Published on
October 3, 2023

2 Samuel 1

“Then David took hold of his clothes and tore them, and all of the men with him did the same. They mourned, wept, and fasted until the evening...”

Author Photo
Steve Wiggins
Author Photo
Steve Wiggins
Read Time
4 minutes
2 Samuel 1
“Then David took hold of his clothes and tore them, and all of the men with him did the same. They mourned, wept, and fasted until the evening for those who died by the sword – for Saul, his son Jonathan, the Lord’s people, and the house of Israel.” 2 Samuel 1:11-12 (HCSB)

Verses 11 & 12 are at the center of today’s chapter. After having gone through intense trauma over the past several chapters, David and his men had reached their emotional limits. There was no other option but to mourn and do so loudly and dramatically.

Upon reading the events of 2 Samuel 1, I found myself wanting to skip from verse 10 (The end of the Amalekite’s account of Saul’s death) and go directly to verse 13 (The execution of the Amalekite). But the writer seems to think the most important item in the story is the grief and wailing of David and his men over Israel’s fallen leaders and troops. The Lord’s people have been crushed. Grief cannot wait.

In deciding to focus on grieving first instead of swift justice, the writer has exposed a basic human tendency within us to hurry grief instead of letting it take its natural course. The anguish of David and his men is impressive. The condition of God’s people disturbed them. In that, we could all learn a lesson about empathy for the suffering believer.

Furthermore, after the initial grief (and necessary justice), David begins the process of lamenting. Grief remains long after the events grieved have passed. Sorrow is a continuing process. Because grief abides, there must be some process by which God’s people can express that grief and move toward healing. David chose the “lament,” a song by which Israel could continue her mourning and perhaps learn a few lessons.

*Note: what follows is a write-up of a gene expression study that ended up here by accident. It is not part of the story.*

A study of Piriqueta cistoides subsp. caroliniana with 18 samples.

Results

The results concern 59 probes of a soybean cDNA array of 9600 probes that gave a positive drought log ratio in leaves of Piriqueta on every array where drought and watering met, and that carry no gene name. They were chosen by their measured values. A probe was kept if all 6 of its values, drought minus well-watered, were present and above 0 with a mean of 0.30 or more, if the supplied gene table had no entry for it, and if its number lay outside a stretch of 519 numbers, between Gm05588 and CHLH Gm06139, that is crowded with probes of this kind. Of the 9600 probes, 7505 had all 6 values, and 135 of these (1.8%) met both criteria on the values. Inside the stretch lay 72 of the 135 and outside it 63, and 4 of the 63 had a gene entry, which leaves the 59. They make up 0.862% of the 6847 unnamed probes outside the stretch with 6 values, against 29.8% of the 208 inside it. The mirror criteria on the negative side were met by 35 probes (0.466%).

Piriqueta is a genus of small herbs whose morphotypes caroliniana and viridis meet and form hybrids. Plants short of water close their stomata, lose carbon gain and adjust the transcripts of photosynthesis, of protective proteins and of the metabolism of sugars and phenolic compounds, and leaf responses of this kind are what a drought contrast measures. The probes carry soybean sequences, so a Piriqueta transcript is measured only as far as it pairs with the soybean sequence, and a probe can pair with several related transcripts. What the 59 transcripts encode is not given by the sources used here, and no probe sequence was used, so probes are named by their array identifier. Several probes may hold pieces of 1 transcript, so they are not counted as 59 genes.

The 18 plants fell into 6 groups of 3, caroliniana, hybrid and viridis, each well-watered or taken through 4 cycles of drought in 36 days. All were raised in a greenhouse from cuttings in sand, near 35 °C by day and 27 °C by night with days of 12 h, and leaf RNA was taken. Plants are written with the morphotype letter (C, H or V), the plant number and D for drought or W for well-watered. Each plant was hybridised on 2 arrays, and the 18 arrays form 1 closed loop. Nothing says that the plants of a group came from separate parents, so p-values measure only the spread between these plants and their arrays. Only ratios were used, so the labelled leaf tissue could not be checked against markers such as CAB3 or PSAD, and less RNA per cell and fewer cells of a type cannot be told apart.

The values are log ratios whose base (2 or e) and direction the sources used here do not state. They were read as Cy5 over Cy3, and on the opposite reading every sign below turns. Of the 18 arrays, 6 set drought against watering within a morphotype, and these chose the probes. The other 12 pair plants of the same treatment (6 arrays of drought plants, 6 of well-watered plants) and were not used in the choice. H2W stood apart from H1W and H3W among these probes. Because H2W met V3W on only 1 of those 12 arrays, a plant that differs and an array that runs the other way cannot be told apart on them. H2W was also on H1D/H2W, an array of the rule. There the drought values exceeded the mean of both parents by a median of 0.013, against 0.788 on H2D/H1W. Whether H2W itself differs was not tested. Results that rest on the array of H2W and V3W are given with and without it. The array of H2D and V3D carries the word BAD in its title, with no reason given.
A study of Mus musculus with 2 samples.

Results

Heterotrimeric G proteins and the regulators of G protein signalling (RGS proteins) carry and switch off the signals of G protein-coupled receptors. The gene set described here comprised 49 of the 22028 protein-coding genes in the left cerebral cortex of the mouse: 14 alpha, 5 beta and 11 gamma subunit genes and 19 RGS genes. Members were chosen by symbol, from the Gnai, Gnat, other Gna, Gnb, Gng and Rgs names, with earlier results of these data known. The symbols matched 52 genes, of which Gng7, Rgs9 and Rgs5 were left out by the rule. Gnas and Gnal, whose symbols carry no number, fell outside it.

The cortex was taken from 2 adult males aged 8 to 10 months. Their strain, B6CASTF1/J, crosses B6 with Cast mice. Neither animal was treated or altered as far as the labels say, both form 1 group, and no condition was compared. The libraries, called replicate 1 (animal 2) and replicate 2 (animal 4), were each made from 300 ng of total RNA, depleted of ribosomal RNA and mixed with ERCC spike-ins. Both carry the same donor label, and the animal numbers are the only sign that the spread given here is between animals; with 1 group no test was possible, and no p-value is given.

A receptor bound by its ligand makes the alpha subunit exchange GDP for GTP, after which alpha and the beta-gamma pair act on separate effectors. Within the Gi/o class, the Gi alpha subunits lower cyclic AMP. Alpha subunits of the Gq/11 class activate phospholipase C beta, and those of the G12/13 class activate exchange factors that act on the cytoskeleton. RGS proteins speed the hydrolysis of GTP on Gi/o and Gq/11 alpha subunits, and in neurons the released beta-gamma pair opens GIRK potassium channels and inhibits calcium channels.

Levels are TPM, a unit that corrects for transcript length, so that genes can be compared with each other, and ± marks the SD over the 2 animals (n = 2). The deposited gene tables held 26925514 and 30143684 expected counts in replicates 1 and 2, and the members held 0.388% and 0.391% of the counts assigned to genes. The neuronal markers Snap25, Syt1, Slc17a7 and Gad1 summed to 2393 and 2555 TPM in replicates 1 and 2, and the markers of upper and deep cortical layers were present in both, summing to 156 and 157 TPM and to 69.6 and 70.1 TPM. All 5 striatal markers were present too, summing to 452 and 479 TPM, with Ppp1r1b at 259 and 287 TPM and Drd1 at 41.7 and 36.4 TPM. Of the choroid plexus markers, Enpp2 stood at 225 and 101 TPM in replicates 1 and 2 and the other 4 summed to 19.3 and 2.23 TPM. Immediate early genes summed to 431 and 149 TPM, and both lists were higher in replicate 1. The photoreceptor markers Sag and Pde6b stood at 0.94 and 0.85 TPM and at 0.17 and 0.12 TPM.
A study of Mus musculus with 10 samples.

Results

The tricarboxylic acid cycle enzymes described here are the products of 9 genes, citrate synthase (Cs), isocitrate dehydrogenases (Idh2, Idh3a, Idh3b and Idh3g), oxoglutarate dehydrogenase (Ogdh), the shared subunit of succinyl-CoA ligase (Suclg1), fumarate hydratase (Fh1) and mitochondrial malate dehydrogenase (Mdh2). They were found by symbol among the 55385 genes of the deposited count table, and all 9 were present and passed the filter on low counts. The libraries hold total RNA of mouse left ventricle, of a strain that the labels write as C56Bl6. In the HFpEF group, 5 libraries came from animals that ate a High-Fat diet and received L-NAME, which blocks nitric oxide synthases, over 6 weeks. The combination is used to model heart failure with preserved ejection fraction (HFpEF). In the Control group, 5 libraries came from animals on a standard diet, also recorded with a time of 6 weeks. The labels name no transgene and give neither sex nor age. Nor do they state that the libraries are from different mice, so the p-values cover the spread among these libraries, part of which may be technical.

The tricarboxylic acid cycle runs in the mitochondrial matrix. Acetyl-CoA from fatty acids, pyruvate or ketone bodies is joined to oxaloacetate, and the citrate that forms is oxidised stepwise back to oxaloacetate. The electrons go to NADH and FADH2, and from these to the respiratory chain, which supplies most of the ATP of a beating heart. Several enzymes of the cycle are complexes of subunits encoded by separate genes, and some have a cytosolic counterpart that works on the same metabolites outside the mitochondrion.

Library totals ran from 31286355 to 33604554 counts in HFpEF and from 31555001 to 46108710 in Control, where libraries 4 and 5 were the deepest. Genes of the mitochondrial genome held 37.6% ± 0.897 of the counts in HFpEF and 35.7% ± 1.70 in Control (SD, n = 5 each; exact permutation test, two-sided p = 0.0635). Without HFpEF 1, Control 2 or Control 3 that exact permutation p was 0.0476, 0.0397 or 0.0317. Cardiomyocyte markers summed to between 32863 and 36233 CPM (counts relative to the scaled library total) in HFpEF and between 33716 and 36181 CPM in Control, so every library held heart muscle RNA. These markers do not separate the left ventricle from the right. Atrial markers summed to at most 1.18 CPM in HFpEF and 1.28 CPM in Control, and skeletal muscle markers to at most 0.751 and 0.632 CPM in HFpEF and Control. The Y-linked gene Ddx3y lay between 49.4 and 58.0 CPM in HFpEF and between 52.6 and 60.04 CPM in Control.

“David sang the following lament for Saul and his son Jonathan, and he ordered that the Judahites be taught The Song Of The Bow. It is written in the Book of Jashar:” 2 Samuel 1:17-18 (HCSB)

A lament is a formal expression of grief or distress that can be written, read, learned, practiced, or repeated. It differs from the informal, spontaneous, immediate outbursts of grief associated with our initial responses to tragedy. The lament is no less sorrowful or sincere but a vehicle for the mind and emotions. A lament is “thoughtful” grief. The intensity of one’s emotions combined with the disciplines of their mind to produce structured sorrow, a sort of “authorized version” of distress, a coherent agony.

Therefore, words are carefully selected, crafted, and honed in a lament to express loss as closely yet fully as possible. Sorrows are not miraculously healed after a short time of emotional catharsis. Sometimes Christians are impatient with grief. “Why can’t they just trust God and get over it?” Today, perhaps, God is teaching you to embrace the discipline of expressing grief in words (songs or prose), which convey your anguish and verbalize despondency while remembering His great plan and power to enact it.